CAROLINE ROSE (postponed)
THIS SHOW HAS BEEN POSTPONED
Information regarding a rescheduled date will be announced as soon as possible. Tickets purchased for the originally scheduled performance will remain valid for the new date, so please hang on to your original ticket for entrance.
Superstar is an underdog story, and one not far off from Caroline Rose’s real life. After a years-long struggle to release what would ultimately become 2018’s LONER, deemed “a singular artistic statement from it’s unforgettable album art all the way down” (Pitchfork), Rose found herself in the midst of a new widespread audience, one both delightfully intrigued and perplexed about how and where to place her. That, combined with a developed set of studio skills and a challenge to “make something from nothing,” marked the beginning of Superstar. Gone are the polished Hollywood hunks and starlets of olde. Here is a shamelessly odd hero, or rather anti-hero, on a quest to become a someone.
Inspired by cult classics such as The Bitter Tears of Petra Von Kant, Mulholland Drive and the mockumentary Drop Dead Gorgeous, Superstar plays out like a film with a beginning, middle, and an open ending. In album opener “Nothing’s Impossible,” the protagonist receives a mistaken phone call from the glamorous Chateau Marmont hotel. Taking the call as a sign toward a star-studded future, they (gender neutral pronoun) leave behind everything in pursuit of a newly established destiny.
What ensues is a cinematic paradox that in one moment finds them strutting down a neon strip in full Saturday Night Fever hip-swing donned in their finest threads, and the next sipping a dirty martini at the rundown apartment complex pool, dwelling on life’s unfortunate turns. It’s a narrative Rose pulled directly from the somewhat shameless desires of her own growing ambition, as well as the public breakdowns of several notable celebrities. “To me, the satire is in what we’ll do and put up with in order to be successful. I wanted to make a story out of those parts of myself that are for the most part undesirable, then inject them with steroids.”
Rose worked on the album in order of the story’s timeline, ensuring each track represented a chapter of the narrative in her head. Songs bursting with self-aggrandizement often reveal moments of vulnerability. “Feel The Way I Want” leads us with boisterous confidence through heartache by refusing to let pain get the best of us. Disguised as a Prince-infused bop, “Do You Think We’ll Last Forever?” expresses the uncertainty and anxiety that come with seeing a new partner, ending in a full blown freakout of bottled up nervous energy. The S&M-fueled love song “Freak Like Me” and the darkly comedic “Command Z” ultimately expose a fragile person coming to terms with their own humanity. Rose sings, “I looked around at all the people there / as I thought everyone we know will know will someday be dead / God, I just don’t want it to end / Undo, I’m gonna do it again”.
Rose began formulating the songs and ideas for a sequel-esque follow-up to LONER in between the band’s near-incessant touring schedule, from playing sold out headline shows across the country and beyond, to becoming fan favorites at some of the world’s biggest festivals. “Two years ago I started touring with nothing, not knowing if I’d even have a career. Then all of a sudden we were playing to hundreds of people in a town I’d never heard of. The whole thing was fascinating. It got me thinking, just how much can you build from nothing?” As a result, Superstar was written, recorded and produced by Rose in her 10’x12’ home studio, as well as on a portable rig she’d set up in green rooms while on tour.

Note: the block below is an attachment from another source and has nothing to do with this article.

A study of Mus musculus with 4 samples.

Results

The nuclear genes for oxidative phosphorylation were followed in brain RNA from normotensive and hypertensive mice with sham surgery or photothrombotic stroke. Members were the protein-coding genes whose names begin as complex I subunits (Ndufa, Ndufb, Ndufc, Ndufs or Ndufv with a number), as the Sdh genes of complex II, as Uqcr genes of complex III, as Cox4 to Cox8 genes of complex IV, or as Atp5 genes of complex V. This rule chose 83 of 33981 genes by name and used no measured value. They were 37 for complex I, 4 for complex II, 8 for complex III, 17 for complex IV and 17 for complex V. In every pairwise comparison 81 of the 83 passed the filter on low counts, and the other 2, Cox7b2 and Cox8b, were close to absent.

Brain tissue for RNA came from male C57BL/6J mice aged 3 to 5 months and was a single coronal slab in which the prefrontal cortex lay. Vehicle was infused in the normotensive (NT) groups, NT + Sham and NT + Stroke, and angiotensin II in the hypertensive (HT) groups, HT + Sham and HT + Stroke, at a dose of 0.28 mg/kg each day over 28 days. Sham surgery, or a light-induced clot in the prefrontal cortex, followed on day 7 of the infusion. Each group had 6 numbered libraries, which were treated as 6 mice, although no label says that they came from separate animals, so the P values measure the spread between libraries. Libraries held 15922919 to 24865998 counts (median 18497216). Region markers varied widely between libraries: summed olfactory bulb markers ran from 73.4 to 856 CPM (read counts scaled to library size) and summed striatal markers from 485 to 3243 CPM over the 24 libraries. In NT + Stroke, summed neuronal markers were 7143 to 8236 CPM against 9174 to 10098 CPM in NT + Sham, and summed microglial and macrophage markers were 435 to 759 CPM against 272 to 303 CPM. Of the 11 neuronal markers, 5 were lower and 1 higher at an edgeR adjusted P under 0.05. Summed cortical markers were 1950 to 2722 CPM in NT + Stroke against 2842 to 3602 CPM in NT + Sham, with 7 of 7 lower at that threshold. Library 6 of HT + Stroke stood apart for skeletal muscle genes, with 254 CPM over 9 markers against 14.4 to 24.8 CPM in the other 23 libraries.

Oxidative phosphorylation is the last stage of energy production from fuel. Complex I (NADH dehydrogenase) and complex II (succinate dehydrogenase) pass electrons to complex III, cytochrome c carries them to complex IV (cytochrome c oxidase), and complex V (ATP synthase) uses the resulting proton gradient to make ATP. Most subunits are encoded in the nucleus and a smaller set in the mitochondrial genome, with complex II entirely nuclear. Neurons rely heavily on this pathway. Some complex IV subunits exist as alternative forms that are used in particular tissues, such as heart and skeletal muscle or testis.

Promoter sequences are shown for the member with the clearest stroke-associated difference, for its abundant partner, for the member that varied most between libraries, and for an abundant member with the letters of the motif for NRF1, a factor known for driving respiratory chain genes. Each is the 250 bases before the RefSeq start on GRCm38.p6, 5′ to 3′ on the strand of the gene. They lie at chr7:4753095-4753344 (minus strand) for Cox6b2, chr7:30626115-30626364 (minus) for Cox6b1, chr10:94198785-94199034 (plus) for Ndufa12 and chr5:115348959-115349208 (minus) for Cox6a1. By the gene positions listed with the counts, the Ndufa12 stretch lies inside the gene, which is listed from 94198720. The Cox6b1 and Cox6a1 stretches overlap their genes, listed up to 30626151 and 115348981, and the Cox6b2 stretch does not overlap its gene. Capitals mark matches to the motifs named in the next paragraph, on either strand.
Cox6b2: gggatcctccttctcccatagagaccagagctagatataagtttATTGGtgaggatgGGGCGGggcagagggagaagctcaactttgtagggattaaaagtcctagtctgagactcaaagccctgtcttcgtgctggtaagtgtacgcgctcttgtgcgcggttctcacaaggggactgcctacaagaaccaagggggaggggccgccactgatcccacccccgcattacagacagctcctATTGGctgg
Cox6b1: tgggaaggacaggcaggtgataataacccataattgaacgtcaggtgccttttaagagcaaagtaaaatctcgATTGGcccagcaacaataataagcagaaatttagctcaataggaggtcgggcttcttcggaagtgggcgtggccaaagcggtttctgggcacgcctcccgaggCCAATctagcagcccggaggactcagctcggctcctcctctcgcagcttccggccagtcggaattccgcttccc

Superstar is a bigger, badder, glitter-filled cinematic pop record for weirdos. “I realized at some point that I’m not going to fit into any one box, and maybe that’s a good thing. This new record is me embracing feeling like an outsider making my own path,” Rose says. One part satire, one part self-reflection, Rose’s anti-hero personifies much of what we as casual on-lookers are wont to poke fun at, dismiss or denigrate, yet deep down likely aspire to be. Someone who, whether warranted or not, refuses to let anyone dictate their own life’s narrative.
In July 2016, Alex Toth was recovering from a broken foot and a broken heart, stuck in his fourth-floor apartment in Brooklyn with cast and crutches. This is where Tōth's "achingly beautiful" debut album, Practice Magic and Seek Professional Help When Necessary, was born.
A few months earlier, Alex and his Rubblebucket cofounder and love of more than eleven years had "consciously uncoupled," after a period of helping each other through devastating challenges. Alex was lightning-struck by sadness. "Almost convalescent" at times, in his words, though rarely still. A jazz trumpeter by training, Alex is always, always writing. And that spring, a new kind of music started to come -- raw, stripped-down songs unfurling without agenda, bent over an acoustic guitar. It never occurred to Alex that he was making an album.
The idea sprouted in songwriting sessions with his friend Kimbra, when she heard this new sound and encouraged Alex to make a record. But it didn't solidify until June 2016, when Alex was onstage with his punk project, Alexander F, and broke his foot. Stuck there in his apartment all summer, Tōth came to life.
Practice Magic and Seek Professional Help When Necessary, released May 2019 from Northern Spy Records (worldwide) and Figureight Records (UK/Europe), is a self-help guide unlike any other -- a breakup album before wholeness, but after anger. The album turns as it goes, through "lush, windswept sonics" (Gorilla Vs. Bear), bebop trumpet solos, and spare guitar, recalling the Beach Boys in one bar and Arthur Russell in the next. It's an album for remembering and letting go -- and discovering what magic remains.